The number of Americans filing for unemployment benefits fell last week, pointing to sustained labor market strength and firming economic growth. » Read More
Federal Reserve Governor Jerome Powell said Friday an interest rate hike could be appropriate fairly soon.
Financial markets have a more appropriate reading now on the chances of a rate rise in June than before, the St. Louis Fed president on Thursday.
Filing for new benefits fell, as the labor markets remains healthy and the economy regains momentum after stumbling in the first quarter.
Orders for long-lasting U.S. manufactured goods surged in April on strong demand for transportation equipment.
The Fed should hike rates at a June meeting unless data show the U.S. economy is slowing, Philadelphia Fed President Patrick Harker said on Monday.
A relatively tight labor market may put upward pressure on inflation, raising the case for higher interest rates, Bullard said on Monday.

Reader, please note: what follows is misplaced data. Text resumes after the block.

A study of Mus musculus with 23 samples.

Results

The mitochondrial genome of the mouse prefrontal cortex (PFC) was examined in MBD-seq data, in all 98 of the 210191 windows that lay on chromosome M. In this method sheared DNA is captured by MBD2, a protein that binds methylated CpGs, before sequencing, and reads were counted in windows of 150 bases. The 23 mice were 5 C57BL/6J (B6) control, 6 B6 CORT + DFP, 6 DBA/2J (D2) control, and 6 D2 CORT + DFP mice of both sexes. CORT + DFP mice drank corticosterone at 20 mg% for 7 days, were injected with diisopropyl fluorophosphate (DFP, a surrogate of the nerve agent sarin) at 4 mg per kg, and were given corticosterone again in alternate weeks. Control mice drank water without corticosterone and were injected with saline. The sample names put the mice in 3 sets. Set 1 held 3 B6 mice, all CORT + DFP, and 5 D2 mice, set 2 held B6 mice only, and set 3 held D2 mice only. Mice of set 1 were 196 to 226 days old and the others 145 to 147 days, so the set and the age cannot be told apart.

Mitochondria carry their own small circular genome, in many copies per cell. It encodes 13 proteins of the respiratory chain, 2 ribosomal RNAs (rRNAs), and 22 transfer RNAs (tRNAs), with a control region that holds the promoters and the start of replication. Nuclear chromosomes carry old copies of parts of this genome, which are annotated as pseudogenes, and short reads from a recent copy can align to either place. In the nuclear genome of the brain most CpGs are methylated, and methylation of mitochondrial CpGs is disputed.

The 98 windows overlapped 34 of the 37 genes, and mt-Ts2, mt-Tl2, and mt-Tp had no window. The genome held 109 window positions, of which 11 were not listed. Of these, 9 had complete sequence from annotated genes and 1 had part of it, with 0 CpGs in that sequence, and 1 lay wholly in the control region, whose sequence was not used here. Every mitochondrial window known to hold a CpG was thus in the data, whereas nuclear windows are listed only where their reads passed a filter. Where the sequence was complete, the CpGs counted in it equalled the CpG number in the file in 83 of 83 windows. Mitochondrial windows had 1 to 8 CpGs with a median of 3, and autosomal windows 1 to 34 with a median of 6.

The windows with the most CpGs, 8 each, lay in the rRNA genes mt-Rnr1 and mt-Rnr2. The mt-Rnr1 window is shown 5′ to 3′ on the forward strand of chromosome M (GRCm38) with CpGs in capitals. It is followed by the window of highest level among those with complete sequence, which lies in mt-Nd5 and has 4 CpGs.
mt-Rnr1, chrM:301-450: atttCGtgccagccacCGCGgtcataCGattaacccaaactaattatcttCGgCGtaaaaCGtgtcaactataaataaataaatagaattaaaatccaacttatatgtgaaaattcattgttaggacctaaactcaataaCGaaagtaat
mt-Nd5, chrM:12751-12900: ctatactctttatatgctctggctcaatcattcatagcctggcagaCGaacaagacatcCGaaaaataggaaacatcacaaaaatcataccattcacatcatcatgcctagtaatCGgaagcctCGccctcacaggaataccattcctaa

Financial markets still haven't given the central bank a green light to keep tightening, Jurrien Timmer of Fidelity Investments says.
The number of Americans filing for aid fell last week, a sign that the economy is regaining speed after stumbling in the first quarter.
A key economic measure increased in April, reflecting strength in housing and manufacturing, according to The Conference Board.
The investor known as "Dr. Doom" says the Fed is ignoring untrustworthy economic data and simply watching stocks.
The bond markets are pricing in a June rate hike. Here's why the Fed should not pull the trigger, says Ron Insana.
Allianz's Mohamed El-Erian weighs in on the Fed and the next rate hike.
The Fed will likely raise interest rates in June if economic data points to stronger second-quarter growth.
The Federal Reserve has perpetuated fear on Wall Street, and once it raises rates it will boost the economy and stocks, Jim Paulsen says.
Expectations for a June rate hike rose as Federal Reserve meeting minutes showed that members would support it if the data improved.
Wall Street is at least beginning to entertain the thought that rates may rise a time or two this year, though fear of the Fed remains at a minimum.